SLU catering: A monopoly on food

Toasted ravioli: 88 cents a piece.

Box lunches: $6.75 a box.

Being able to cater an event through someone other than Sodexho-Marriott: priceless.

Many student organizations at Saint Louis University have felt frustration in dealing with Sodexho, SLU’s food service provider, when planning events such as banquets and dinners.

Student organizations are forced to use Sodexho as their caterer when using University rooms such as the Argentum or Saint Louis rooms in the Busch Memorial Center because of a contract between SLU and the food service company.

The policy does not allow for students to bring in food of their own, meaning they must pay the high prices for catered food.

Numerous attempts were made to reach Bill McGeorge general manager of dining services, in regards to the policy; however, he was not available for comment.

Christina Finn, who held the position of vice president of alumnae relations for her sorority, Sigma Kappa, for two years, is agitated with Sodexho. She said that the required use of the company limits students in finding the best-priced and best-quality food provider.

She said that under normal circumstances, if a food provider did not meet her standards, she would be able to find another business that would satisfy the needs of her organization.

“I’m not totally opposed to a contracted service for catering, but they should be friendly, open and of good quality,” Finn said. “Ideally, I would rather see it as a learning experience, like them helping us to plan events instead of being a business only looking for profit.”

Zeina Kiblawi, who deals with recruitment for Alpha Delta Pi sorority, described Sodexho as being unfriendly and impossible to contact.

For one of her organization’s events, they ordered platters of fruit with cheese and crackers as well as 10 gallons of punch to serve 100 people. The total cost was $630. The sorority was originally planning to serve finger sandwiches as well, but the price was too high.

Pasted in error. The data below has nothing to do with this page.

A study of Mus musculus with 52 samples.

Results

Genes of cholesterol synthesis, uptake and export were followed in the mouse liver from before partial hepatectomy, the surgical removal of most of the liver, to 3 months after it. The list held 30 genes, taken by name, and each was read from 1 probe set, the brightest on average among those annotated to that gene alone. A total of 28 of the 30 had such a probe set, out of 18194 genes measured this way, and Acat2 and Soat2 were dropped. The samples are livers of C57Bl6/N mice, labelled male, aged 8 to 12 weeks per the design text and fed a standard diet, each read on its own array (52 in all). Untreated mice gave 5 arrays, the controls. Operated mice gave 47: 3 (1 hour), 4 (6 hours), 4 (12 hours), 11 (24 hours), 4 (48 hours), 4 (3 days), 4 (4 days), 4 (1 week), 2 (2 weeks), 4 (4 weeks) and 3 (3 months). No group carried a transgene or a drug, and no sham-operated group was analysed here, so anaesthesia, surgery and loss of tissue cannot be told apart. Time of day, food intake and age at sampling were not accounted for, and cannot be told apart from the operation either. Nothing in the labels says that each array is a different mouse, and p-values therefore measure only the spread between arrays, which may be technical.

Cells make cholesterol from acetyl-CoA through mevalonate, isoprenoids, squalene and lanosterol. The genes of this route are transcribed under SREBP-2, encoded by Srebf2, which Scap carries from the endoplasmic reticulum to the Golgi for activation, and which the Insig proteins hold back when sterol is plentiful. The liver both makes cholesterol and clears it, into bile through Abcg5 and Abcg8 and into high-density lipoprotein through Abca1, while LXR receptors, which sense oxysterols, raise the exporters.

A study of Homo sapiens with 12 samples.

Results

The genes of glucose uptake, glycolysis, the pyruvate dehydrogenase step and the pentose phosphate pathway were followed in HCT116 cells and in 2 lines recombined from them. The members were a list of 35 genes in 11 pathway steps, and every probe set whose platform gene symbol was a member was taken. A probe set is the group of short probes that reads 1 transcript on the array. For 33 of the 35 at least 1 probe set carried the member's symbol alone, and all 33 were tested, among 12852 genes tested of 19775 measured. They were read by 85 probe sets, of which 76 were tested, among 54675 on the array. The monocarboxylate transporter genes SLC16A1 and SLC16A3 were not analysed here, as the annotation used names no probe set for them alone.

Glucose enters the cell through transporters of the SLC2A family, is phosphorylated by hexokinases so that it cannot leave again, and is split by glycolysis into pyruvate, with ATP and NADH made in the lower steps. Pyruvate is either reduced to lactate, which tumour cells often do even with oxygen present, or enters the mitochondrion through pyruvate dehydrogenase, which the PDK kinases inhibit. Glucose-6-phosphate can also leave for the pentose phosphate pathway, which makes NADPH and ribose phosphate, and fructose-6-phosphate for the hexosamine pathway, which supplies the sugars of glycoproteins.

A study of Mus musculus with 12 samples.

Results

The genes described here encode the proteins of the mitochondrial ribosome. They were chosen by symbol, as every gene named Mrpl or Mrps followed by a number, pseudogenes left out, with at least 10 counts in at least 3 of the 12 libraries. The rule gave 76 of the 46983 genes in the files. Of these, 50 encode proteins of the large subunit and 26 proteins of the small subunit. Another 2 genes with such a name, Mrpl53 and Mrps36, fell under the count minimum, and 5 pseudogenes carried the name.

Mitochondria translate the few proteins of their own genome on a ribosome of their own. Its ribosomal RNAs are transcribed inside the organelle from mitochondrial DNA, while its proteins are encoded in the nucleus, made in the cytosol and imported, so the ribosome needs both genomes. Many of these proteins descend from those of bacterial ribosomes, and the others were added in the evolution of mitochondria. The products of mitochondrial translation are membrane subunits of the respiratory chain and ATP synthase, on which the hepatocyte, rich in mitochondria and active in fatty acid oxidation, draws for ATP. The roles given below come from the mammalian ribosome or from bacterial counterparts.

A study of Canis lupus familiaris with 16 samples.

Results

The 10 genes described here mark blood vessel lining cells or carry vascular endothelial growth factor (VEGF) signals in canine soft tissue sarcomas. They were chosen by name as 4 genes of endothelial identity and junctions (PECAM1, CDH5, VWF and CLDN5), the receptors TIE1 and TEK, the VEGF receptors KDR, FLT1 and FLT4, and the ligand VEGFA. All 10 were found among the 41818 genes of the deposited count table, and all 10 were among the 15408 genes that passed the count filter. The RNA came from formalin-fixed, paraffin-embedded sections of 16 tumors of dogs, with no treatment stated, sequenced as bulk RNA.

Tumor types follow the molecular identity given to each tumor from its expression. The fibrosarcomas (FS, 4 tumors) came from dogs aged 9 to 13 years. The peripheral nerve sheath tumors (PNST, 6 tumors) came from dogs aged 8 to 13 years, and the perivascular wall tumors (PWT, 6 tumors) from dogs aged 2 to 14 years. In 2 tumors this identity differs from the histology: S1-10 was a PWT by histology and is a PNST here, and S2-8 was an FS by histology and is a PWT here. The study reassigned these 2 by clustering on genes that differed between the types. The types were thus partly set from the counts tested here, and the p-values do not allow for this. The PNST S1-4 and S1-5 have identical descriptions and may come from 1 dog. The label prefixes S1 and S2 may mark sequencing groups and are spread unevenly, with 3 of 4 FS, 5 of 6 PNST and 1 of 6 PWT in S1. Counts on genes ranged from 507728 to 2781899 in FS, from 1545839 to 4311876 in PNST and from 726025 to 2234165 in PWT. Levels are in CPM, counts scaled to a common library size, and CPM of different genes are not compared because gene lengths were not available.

“We have a tight budget to work with, so high prices caused us to cut out part of our order,” Kiblawi said. “They acted like they were doing me a favor by taking my money. It’s not reasonable for students.”

Kiblawi has also had problems with Sodexho on another level. Since Sodexho does the setting up and cleaning of the events, organizations must rely on them to have things ready on time.

However, in one circumstance, Sodexho was 45 minutes late in setting up, finishing just a half hour before the event was scheduled to begin.

“We wouldn’t go through them if we had the option,” Kiblawi said.

Washington University, whose food service provider is Bon Appetit, has no exclusive catering contract with them, allowing students to shop the various catering companies or even bring their own food to events.

Greg Teator, general manager of dining services at Wash. U., said that the purpose of this is to save the students money.

Bon Appetit also charges less for some food items. Its toasted ravioli is priced at 65 cents per piece, though a minimum of 50 must be ordered. Also, while SLU’s highest- priced box lunch is $9.50, a similar box lunch is provided by Wash. U. for $7.95.

Wash. U. also provides students with banquet facilities, which is done through Events Scheduling. There is no cost to student organizations, except for a security deposit which is returned to the students once it is determined nothing was damaged, Teator said.